Brisket Part 1

Brisket flat used for testing cooking method

When you think of Barbecue what comes to mind? Ribs, Chicken, Tri-Tip and? BRISKET! Smoked Beef Brisket is everything barbecue. It’s defines the meaning of low and slow and the mecca of barbecue competitions across the U.S. Beef Brisket is the one thing every backyard barbecue enthusiast wants to cook and wants to cook perfectly. The Texas Beef Brisket is legendary. The Beef Brisket is so legendary and the cook so complex that I believe it is the one thing BBQ deserving of a three part blog series.

Part One

I will outline different methods of cooking Beef Brisket: Paper vs. Foil. I will also lay the foundation for how I practice my brisket method without breaking the bank.

Part Two

In part two I will define the different grades of beef (Select, Choice, Prime and Wagyu). I will also discuss how to pick the perfect brisket and explain the wet aging process.

Part Three

I will outline my preferred cooking method from trimming, injecting, cooking, resting and slicing. Please understand that I do not consider myself a barbecue or brisket expert. I have spent countless hours researching barbecue and trying different cooking methods. I will discuss what works for me and why I prefer one cooking method over the other.

Lets dive on in, shall we? The two most popular methods of cooking Beef Brisket are very similar. One requires the use of tin foil or a combination of tin foil and a tin pan. The other method requires the use of “pink butcher paper”.

After trimming and seasoning the brisket to your liking, both methods take the first step of placing the meat on the grill. Both cooking methods have the meat on a grill set between 180 degrees and 225 degrees. With either cooking method the brisket is cooked until the internal temperature reaches between 160 degrees and 164 degrees.

This is where the difference of the two methods comes into play. Once the internal temperature reaches the preferred temperature, the brisket it removed and either wrapped in pink butcher paper, placed in a tin foil pan and covered with tin foil, or just wrapped in tin foil. The brisket is placed back on the grill and cooked until the internal temperature reaches somewhere between 200 degrees and 205 degrees.

So what’s the best method and how do you test the different methods with out breaking the bank? The best brisket method is up to ones own personal preference. I have cooked Beef Brisket both ways and while I feel both methods are good, I do prefer one method over the other – which I’ll share later in this blog series.

Depending on the market price and grade of the beef a whole packers brisket can cost between $50 and $180. Not sure about you, but, I can’t afford that to TEST different cooking methods and flavor profiles. Trust me I ruined my fair share of whole briskets over the past year or so.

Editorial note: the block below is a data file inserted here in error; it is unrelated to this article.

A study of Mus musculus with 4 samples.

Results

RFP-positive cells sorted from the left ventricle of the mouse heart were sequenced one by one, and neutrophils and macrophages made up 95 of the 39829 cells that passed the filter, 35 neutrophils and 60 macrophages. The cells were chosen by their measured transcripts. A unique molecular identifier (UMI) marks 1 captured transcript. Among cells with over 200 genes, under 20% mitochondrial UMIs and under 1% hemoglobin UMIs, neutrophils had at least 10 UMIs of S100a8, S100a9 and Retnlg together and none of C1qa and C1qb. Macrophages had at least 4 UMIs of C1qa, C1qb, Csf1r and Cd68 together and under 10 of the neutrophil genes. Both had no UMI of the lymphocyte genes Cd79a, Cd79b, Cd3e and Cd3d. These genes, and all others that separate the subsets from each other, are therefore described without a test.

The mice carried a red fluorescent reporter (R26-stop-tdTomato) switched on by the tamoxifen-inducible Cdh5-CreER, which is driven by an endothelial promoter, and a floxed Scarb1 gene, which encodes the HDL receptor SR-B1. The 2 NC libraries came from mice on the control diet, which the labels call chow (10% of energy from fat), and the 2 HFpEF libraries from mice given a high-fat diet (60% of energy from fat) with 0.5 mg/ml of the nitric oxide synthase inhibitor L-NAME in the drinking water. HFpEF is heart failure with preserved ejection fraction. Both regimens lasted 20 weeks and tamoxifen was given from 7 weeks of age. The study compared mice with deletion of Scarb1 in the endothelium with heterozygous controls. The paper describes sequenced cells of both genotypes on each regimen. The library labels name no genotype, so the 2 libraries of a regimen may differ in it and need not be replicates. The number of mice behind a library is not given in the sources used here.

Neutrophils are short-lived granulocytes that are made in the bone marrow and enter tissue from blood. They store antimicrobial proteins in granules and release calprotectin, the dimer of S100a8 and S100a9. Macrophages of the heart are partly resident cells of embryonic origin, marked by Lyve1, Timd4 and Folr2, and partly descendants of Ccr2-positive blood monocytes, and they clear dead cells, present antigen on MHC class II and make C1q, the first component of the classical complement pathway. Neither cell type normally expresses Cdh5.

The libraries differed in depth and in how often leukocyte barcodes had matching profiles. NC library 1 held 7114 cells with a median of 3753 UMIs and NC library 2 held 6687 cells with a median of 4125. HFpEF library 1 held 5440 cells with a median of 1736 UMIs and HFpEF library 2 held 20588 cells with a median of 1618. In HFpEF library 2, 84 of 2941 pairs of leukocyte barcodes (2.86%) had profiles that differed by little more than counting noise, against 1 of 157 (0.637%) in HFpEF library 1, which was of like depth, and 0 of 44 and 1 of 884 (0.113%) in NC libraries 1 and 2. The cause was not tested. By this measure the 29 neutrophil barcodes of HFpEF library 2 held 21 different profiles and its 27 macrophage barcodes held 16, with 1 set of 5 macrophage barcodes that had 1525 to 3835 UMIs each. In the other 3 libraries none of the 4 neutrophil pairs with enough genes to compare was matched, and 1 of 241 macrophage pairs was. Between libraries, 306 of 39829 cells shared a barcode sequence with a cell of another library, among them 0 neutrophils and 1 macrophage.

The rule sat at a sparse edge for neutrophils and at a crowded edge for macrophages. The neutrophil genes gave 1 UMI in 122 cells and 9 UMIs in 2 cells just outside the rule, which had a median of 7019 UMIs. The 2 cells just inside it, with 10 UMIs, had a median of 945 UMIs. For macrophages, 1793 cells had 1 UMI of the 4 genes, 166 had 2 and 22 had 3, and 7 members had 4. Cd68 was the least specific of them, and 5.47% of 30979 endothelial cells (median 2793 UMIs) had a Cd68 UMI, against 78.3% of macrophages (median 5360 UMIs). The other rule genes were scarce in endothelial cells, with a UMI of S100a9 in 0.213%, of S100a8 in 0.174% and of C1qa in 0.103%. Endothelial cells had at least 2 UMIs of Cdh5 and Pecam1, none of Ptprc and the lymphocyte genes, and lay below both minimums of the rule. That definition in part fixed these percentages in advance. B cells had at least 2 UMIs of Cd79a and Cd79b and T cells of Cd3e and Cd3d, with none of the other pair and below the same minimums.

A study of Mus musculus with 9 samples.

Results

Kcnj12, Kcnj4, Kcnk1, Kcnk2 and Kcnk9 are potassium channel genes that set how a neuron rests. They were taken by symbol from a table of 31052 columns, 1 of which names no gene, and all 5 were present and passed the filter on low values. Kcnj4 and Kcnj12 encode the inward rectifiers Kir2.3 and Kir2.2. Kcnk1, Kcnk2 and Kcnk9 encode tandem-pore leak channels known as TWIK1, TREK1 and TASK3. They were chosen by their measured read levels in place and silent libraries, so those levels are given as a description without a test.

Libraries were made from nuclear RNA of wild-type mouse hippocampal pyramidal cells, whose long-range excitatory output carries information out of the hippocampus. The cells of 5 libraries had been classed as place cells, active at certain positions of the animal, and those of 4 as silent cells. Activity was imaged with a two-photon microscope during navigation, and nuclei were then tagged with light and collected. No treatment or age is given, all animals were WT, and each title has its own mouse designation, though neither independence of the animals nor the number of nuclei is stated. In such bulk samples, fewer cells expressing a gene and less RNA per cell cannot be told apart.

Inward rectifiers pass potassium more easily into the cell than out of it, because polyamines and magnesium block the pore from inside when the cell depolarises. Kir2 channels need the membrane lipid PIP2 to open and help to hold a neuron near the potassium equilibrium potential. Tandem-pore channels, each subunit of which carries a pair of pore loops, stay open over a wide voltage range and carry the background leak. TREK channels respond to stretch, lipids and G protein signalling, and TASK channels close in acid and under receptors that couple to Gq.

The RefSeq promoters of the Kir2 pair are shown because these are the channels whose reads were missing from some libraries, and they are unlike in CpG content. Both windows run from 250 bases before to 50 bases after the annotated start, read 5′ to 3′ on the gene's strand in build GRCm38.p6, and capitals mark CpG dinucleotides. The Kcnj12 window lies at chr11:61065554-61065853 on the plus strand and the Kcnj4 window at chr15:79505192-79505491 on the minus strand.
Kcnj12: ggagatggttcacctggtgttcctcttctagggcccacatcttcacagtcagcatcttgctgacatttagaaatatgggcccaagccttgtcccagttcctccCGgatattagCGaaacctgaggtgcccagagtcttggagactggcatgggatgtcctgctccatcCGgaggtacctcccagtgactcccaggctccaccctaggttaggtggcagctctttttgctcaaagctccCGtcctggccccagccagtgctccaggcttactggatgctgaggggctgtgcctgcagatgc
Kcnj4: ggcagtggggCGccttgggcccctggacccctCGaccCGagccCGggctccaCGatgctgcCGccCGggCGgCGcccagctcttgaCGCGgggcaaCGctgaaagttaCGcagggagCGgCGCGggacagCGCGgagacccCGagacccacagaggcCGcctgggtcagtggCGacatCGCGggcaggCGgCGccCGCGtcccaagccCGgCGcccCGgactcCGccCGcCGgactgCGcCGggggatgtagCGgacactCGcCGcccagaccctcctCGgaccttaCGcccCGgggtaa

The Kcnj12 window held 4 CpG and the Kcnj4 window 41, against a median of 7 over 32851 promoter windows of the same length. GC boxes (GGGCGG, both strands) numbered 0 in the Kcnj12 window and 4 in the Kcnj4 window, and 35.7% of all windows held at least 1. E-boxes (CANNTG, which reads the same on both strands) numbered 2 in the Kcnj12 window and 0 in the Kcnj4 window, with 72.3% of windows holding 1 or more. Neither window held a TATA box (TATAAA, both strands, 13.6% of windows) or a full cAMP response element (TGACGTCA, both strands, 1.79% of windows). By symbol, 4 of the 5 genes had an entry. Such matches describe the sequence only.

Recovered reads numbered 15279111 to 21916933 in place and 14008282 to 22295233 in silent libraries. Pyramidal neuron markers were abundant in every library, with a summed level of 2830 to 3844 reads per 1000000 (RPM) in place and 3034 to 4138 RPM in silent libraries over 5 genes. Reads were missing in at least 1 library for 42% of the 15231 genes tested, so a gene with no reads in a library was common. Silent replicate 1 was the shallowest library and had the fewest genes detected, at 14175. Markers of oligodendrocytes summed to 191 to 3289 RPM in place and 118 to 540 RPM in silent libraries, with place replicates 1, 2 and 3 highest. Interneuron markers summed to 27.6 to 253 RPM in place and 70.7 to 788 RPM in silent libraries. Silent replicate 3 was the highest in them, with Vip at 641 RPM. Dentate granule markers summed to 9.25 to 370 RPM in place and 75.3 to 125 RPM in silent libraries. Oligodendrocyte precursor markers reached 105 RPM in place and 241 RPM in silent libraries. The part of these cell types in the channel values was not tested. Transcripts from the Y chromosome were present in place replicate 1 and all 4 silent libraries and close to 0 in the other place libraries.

Beef Briskets are not that popular in my area (Sierra Foothills of Northern California). To be honest it’s not a popular cut of meat outside of the barbecue community, which is growing but still fairly small. I regularly find beef brisket flats at the meat counter that are sealed in cryovac packaging. These brisket flats range in weight and normally cost between $4.99 and $6.99 per pound, which is still fairly expensive.

There are a few things you need to know about grocery store beef brisket flats. These briskets flats are processed at a meat packing facility then packaged and sent to the grocery stores. Once they arrive at the store they are given an expiration date which is essentially a sell by date. I have learned these expiration dates are normally 30-35 days after the date of slaughter. Why is this important? Well I have made friends with my local butcher and have a friend who has been in the meat processing business for years. I have been told these cryovac sealed brisket flats actually have a shelf life of 60 to 70 days before the meat is spoiled. Therefore, these briskets flats are still an editable cut of meat and perfect for practicing different cooking methods and flavor profiles.

Some might think this sounds sketchy. I did too. Don’t worry this little story might help ease your mind. Recently, I asked the butcher what happens to these brisket flats once the sell by date passes. The butcher informed me that the grocery stores will open the cryovac packages and then run the flats through a meat grinder which then is turned into ground beef. The ground beef is then packaged and sold for $2.49 a pound. So obviously the meat is still safe to eat if the store is selling it, right?

I regularly find beef brisket flats on display at the meat department, which are a day to two away from their sell by date. For example I was at the local grocery on the 29th and found six brisket flats that had a sell by date of the 30th. I spoke to meat department manager who discounted the flats for more than half of their original price. So what’s a good price? Anything between $2.99 and $3.99 a pound is a reasonable price. At $2.99 a pound the grocery stores ate still making more than if they were to sell it as ground beef.

I have been scoring these brisket flats between $12 and $15 a piece and use them to test different cooking methods and flavor profiles. These flats are also good to cure make your own pastrami. This has been my tried and true method for testing my briskets without breaking the bank.

Stay turned for part two. Follow my Instagram @ freedomsohard and subscribe at on the right side of the page.




Cook to internal temperature and not to times.



Take notes and learn from each cook.